When things go wrong, children are often encouraged to solve problems with words, not violence. This is nothing new. Already, over 2,000 years ago, life advice was being framed through comparisons between the relative power of words and weapons.
All languages are systems that enable communication. Long ago, when travel was difficult and communication media more limited, language was a common currency. But even “once upon a time. . .” things were much more complicated.
In the turbulent era when ancient Rome’s Republican governmental system was giving way to autocracy (first and second centuries BCE), investigating and policing of language was at the heart of the shake-down. Some of the dissonance reflected in surviving texts remains strikingly resonant. One study by Marcus Terentius Varro (116-27 BCE), de Lingua Latina, specifically tackles the crackling tensions involved in speaking and systematizing Latin during that time of intense cultural change.
In Rome’s expanding empire, the assertion “I am a Roman citizen” (“ciuis Romanus sum”) was spoken by peoples across the Mediterranean and beyond. In an era with increasing need for code-switching and linguistic flexibility—when slaves, tradesmen, intellectuals, soldiers, bureaucrats, and immigrants might speak very different native languages—Varro posed crucial questions: what then did it mean to speak Latin? To speak it “well”? And whose Latin was it?
Through Varro’s investigation, the era’s violence, electoral disruption, and corrupt politicians gained context from their language’s name: Latin. “Latin” embodied history and legends of early military aggression against local peoples (such as the Latins), and Rome’s dynamic assimilation of foreign voices and identities.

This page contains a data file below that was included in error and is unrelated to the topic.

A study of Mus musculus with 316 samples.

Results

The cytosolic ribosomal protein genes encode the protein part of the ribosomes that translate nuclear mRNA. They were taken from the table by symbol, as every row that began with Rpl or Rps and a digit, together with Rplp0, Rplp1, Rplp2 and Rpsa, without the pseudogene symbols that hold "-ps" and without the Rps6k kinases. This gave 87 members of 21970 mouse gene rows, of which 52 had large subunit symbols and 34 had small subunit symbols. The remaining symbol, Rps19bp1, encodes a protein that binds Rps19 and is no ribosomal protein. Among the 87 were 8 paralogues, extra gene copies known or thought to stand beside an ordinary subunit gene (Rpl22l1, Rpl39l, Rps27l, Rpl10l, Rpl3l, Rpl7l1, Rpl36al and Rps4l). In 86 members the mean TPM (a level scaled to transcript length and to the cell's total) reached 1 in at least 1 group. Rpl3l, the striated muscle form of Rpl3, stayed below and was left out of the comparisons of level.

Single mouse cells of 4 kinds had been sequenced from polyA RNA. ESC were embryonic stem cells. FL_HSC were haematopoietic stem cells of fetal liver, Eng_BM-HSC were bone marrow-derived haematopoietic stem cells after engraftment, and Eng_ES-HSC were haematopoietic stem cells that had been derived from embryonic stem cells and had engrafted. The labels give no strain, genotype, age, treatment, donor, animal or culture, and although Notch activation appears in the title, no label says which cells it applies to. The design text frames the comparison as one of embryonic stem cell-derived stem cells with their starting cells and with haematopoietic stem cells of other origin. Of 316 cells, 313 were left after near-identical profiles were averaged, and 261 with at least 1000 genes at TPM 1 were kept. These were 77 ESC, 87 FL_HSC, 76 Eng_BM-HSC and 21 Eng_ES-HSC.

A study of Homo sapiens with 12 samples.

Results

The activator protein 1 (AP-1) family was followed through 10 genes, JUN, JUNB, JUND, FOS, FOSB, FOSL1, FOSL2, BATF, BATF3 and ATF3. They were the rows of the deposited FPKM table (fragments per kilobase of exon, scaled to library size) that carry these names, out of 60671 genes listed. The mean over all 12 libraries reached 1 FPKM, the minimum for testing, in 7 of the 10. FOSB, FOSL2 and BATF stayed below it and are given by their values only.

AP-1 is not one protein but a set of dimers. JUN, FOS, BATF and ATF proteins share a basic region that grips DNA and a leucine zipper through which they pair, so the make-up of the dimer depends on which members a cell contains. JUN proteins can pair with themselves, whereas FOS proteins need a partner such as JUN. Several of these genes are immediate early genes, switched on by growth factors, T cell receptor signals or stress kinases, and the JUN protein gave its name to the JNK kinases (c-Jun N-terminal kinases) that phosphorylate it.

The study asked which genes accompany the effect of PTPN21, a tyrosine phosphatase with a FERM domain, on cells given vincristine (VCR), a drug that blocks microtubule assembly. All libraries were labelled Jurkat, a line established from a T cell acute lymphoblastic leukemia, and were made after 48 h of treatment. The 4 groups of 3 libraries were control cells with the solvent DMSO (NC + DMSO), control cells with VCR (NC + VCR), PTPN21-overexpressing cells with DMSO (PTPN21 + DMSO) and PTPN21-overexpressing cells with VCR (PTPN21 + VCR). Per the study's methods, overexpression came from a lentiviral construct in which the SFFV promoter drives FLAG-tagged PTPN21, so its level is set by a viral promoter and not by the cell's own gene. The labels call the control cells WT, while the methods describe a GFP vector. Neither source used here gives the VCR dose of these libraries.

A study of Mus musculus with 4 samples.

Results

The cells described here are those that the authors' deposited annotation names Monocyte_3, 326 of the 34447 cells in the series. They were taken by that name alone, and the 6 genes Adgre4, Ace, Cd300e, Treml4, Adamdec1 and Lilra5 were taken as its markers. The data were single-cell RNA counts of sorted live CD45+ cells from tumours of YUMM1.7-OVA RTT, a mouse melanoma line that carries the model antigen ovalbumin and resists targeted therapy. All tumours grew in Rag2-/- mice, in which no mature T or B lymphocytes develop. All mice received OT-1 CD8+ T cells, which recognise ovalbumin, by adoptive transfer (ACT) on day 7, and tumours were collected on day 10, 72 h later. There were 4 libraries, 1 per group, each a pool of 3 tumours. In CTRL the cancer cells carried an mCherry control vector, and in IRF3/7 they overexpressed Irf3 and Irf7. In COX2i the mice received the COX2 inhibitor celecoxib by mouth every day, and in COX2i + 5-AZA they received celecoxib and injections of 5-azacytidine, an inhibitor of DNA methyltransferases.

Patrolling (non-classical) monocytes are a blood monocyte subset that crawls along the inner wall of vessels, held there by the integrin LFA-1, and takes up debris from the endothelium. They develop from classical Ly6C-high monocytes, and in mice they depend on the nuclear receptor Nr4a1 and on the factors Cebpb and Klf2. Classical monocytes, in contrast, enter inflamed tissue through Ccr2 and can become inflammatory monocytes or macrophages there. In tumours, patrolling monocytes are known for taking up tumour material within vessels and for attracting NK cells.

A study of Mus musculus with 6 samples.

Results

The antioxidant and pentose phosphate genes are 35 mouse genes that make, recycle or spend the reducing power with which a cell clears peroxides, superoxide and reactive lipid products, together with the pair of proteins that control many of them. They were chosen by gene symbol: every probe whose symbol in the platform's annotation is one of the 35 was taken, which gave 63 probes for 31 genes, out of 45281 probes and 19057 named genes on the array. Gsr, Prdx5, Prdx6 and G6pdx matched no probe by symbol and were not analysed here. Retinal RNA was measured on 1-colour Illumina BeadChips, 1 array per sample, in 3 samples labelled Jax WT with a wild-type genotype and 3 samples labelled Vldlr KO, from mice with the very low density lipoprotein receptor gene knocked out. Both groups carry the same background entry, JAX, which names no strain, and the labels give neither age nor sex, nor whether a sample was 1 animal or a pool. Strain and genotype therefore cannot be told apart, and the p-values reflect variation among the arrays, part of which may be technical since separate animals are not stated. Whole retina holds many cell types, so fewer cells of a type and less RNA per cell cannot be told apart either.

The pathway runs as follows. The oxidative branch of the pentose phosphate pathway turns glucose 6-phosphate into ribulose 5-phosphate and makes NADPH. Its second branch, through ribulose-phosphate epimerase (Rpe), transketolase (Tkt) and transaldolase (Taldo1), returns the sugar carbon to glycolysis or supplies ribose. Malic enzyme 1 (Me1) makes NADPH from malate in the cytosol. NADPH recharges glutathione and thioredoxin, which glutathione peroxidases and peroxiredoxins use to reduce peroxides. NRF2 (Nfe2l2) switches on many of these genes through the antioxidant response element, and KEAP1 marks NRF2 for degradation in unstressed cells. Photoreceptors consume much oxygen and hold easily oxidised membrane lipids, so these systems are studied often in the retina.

It is no coincidence that as Rome confronted new ways of thinking and speaking amongst allies, enemies, and conquered peoples, Latin was also contested. Language offered a testing ground for exploring some of the difficult ideas and challenges to beliefs around ethnicity, value, and identity which became evident when a citizen speaking Latin was no longer “like us”.
Through study and systematization of the structures, intellectual heritage, and patterns of Latin and its cannibalization of local peninsular languages, lessons might be learned. Rome’s elites might, Varro suggested, look not just for a way of expressing consensus on what was important to them as individuals, or to their vision of civic identity, but for a balanced framework within which celebration of tradition and novelty was possible, baked into the structures and etymologies of language in use.
When the streets were running with blood, and gangs were disrupting elections, this solution had recognizable life-and-death potential—in the 20s BCE political evolution and revolution converged in Rome’s weary and relieved welcome for a radical-conservative solution: a reframed autocracy, new frameworks for remembering the past, and a new brand of leader. The “Emperor” Augustus, whose choice of an old title—Princeps, “First Citizen”—for a new role made an open secret of the revolutionary power of words.
Diana Spencer is a professor of classics and the dean of Liberal Arts and Natural Sciences at the University of Birmingham (UK). Her Recent publications include contributions to The Routledge Handbook of Identity and the Environment in the Classical and Early Medieval Worlds and the Cambridge Classical Journal Supplement 39, Varro Varius: The Polymath of the Roman World.